The American Diabetes Association’s signature fundraising event each year is the Step Out: Walk to Stop Diabetes. This event by various names has been taking place for more than 20 years and in the last year was held in 120 locations around the U.S.
Most of these walks take place in the fall, though only some of these events actually take place during Diabetes Awareness Month. Either way, November is a great time to learn about the walks closest to your home and start to make plans to participate. You can visit the official Step Out webpage to find the date and location for your local walk.
If you’ve never participated in a Step Out event, here are some of the things you can expect.
• The Step Out walk is not a competitive event. The length and duration of the walk varies by location, but all are welcome. Families, kids, college students, grandparents—all can be seen walking, jogging, or strolling as they are most comfortable.
• A Red Strider is someone living with any type of diabetes who participates in the walk. Each Red Strider is given a red hat to wear during the walk and all are recognized in many ways.
• Some walkers come on their own to feel the strength and encouragement of being with hundreds of others who know what it’s like to live with diabetes. While others form teams and even make matching t-shirts to wear on walk day.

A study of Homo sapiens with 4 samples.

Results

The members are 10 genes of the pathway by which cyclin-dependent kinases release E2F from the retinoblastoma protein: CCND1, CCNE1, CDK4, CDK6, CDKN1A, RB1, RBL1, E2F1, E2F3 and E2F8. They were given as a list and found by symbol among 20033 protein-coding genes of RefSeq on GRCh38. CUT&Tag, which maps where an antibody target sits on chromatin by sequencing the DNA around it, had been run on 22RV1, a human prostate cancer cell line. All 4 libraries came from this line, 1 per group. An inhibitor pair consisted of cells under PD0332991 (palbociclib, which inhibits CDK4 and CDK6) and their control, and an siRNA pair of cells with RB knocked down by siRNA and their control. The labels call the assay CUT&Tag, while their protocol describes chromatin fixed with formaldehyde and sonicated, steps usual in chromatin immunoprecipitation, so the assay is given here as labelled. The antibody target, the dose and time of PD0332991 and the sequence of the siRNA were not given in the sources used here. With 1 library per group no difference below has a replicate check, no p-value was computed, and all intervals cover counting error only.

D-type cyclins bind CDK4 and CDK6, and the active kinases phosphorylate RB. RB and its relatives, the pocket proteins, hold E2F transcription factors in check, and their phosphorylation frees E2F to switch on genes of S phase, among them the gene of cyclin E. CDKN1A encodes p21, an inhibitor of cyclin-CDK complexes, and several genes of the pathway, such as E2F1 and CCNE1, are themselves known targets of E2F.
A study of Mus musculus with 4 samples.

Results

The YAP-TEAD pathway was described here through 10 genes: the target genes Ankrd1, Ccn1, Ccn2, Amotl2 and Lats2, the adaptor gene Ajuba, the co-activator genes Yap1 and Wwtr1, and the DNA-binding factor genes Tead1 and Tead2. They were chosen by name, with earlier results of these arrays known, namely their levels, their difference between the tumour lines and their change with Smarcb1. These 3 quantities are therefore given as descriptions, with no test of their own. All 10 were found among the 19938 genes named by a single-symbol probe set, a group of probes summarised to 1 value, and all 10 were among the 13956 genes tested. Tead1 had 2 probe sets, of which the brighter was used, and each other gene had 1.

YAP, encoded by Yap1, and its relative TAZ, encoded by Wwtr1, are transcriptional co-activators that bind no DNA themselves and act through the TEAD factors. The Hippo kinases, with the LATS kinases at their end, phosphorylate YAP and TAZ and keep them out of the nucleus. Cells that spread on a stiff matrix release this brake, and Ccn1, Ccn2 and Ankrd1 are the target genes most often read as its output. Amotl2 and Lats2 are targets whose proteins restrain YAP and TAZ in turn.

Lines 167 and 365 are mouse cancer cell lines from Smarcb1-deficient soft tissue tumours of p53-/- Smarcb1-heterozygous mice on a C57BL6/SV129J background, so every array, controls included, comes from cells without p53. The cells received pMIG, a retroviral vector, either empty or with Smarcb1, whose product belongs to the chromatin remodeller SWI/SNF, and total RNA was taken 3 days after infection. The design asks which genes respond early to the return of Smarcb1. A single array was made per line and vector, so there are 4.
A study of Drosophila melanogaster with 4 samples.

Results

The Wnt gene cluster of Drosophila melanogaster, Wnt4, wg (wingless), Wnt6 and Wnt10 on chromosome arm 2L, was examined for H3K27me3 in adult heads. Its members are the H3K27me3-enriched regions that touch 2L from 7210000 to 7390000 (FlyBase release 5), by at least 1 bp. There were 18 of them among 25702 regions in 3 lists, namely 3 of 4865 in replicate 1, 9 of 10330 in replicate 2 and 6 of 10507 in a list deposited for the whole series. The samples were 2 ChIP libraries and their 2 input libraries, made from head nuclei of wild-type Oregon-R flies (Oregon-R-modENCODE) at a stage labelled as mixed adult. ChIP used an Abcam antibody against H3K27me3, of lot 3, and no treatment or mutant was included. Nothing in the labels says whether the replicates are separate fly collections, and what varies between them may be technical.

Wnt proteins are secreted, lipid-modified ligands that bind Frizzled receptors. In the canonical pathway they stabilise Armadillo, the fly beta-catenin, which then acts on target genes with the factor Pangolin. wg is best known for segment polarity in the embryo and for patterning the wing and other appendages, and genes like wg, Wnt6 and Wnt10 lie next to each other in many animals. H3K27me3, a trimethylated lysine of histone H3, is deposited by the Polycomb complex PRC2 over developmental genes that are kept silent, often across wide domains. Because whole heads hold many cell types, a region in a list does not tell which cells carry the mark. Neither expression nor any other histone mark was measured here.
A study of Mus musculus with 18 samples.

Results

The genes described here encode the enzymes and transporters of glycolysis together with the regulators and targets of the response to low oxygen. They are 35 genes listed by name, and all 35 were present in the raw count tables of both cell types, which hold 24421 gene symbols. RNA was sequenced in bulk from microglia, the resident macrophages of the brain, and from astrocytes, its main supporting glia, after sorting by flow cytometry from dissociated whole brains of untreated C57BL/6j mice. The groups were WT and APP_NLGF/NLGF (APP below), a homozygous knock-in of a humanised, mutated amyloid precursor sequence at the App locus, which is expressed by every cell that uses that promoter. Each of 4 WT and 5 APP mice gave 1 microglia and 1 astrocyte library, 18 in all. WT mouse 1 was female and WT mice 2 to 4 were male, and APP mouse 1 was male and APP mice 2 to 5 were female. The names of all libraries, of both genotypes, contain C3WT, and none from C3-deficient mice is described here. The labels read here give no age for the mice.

• Families, co-workers, friends, and church groups often form teams to support someone they know and love who has diabetes.
• The event is primarily to help raise awareness of diabetes and raise funds to help further the mission of the ADA. Once you register, the ADA provides plenty of tools and support to help you fund raise. Your supporters can even donate to your cause online and you can share the link on your Facebook page. But don’t worry, there is no minimum level to be able to participate. Everything helps.
The ADA funds research to prevent, cure and manage diabetes; delivers services to hundreds of communities; provides objective and credible information; and gives voice to those denied their rights because of diabetes. Their stated mission is to prevent and cure diabetes and to improve the lives of all people affected by diabetes.